Spring into Savings: 5 Strategies for Financial Literacy Month
Posted on Tuesday, March 3, 2020 by Rae Shanahan

A year-round communications strategy is key to helping financially illiterate employees understand their benefits. 

spring-into-savingsOne way to accomplish year-round support, is to plan a communication blast around holidays or special occasions. For example, Financial Literacy Month is coming up in April, a period designed to teach Americans how to establish and maintain healthy financial habits. Employers with a commitment to this endeavor have a few weeks to put together a plan for outreach to their employees.

 According to the PWC 2019 Financial Wellness survey, over 60% employees said they are stressed about their finances. As employees increasingly rely on their employers to provide support for their overall well-being including financial wellness, the situation is clear: employers have an opportunity to offer value to employees in the form of intentional financial planning and support.

These five strategies are designed to help employers plan ahead for improving their employees’ financial well-being during Financial Literacy Month:

  1. Communicate what financial wellness benefits you offer.
    Supporting employees’ financial well-being may very well be something your company is already committed to. If so, April is a great time to remind employees of the benefits available to them. For many employees, Annual Enrollment may be the only time their benefits packages are top-of-mind, and that’s exactly what needs to change to help employees understand the value their benefits can provide. Developing an email campaign with helpful links and definitions is an easy way to get employees thinking long-term and to remind them of the bigger picture of their “one wallet” of total compensation.
  1. Focus on saving through a health savings account (HSA).
    The “h” in “HSA” leads many to consider this tool as nothing more than a means to pay for eyeglasses or dental appointments. However, HSAs are also impactful vehicles for employees to develop tax-advantaged savings that can grow over time and pay off in retirement. Remind your employees of the flexibility of this offering, as well as the ability to change contributions anytime during the year. Now that we’re a few months into the year, your employees will have a good understanding of how their benefits contributions are impacting their pay, making them better equipped to update the decisions about savings that they made during AE.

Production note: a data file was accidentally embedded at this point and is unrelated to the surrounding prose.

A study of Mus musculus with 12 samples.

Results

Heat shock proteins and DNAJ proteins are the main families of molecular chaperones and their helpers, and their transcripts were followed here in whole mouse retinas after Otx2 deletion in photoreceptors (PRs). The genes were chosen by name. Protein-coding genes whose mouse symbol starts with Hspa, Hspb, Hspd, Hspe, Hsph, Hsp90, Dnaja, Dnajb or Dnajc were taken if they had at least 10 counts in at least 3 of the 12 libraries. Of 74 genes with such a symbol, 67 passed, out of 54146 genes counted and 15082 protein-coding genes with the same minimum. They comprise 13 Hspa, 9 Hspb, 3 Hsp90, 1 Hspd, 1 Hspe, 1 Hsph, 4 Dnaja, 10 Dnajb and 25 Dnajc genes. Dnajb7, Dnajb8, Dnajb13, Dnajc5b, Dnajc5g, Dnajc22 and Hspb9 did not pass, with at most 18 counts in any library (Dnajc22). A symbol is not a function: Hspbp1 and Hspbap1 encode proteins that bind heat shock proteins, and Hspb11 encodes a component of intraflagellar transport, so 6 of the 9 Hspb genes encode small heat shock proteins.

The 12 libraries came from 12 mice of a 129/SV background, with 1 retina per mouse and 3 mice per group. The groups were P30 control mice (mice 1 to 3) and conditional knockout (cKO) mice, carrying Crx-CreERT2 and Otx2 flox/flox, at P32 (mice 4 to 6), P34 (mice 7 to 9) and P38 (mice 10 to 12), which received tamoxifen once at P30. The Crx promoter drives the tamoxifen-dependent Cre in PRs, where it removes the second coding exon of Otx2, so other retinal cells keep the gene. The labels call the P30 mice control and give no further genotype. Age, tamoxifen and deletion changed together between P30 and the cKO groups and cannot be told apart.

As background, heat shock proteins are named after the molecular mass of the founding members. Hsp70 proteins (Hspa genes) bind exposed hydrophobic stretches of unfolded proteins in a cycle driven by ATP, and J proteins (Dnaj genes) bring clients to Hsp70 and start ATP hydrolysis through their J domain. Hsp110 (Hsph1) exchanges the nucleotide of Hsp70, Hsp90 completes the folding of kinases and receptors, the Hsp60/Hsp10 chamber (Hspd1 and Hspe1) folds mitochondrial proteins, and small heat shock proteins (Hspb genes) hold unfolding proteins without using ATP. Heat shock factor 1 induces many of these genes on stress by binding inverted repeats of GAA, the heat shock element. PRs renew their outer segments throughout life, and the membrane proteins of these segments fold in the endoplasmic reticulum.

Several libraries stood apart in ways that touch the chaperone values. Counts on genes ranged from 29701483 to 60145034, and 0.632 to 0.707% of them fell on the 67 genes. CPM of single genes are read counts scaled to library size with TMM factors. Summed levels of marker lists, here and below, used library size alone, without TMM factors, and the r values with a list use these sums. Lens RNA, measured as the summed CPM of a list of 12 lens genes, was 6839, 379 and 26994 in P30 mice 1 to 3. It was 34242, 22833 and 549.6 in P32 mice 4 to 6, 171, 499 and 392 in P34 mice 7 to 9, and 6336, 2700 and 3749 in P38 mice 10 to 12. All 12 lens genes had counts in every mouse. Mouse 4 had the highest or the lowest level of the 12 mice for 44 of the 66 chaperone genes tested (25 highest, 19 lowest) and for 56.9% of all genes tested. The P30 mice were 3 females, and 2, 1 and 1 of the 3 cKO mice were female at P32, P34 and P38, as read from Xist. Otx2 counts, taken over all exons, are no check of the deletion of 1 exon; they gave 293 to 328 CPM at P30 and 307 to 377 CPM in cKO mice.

2. Consider savings vehicles.
    Offering flexible savings programs can also inspire employees to think differently about how they allocate their compensation. With tools like Goal Accounts, employees can divert a portion of their pay toward a savings account, then access the funds later when it comes time to make that down payment or when a child’s college tuition comes due. By sending money directly to savings in a “set it and forget it” system, employees are more likely to leave the money to build over time—and this healthy new financial habit is an easy one for employers to offer in a benefits package.
  1. Explore student loan support.
    Americans currently hold $1.56 trillion dollars in student loan debt. With that kind of number, undoubtedly your employees are feeling the financial strain that large student loan bills can bring to any household. And while we often associate student loan debt with Millennials or younger generations, it’s Gen X and Baby Boomers who carry the highest balances. Student loan programs supported by employers are therefore a powerful means to impact the financial lives of employees of all age groups.
  2. Initiate in-person chats.
    No matter the financial tools you offer, or the communication campaign you undertake, there’s no better means of reaching employees than encouraging authentic in-person conversations about finances. Inviting impartial financial advisors to the workplace for confidential meetings or tax preparation support offers employees a partner in contextualizing their financial reality—equipping them to make the most out of the tools and benefits you offer as an employer. And above all, particularly when it comes to such a sensitive topic, there’s nothing more empathetic than a face-to-face conversation.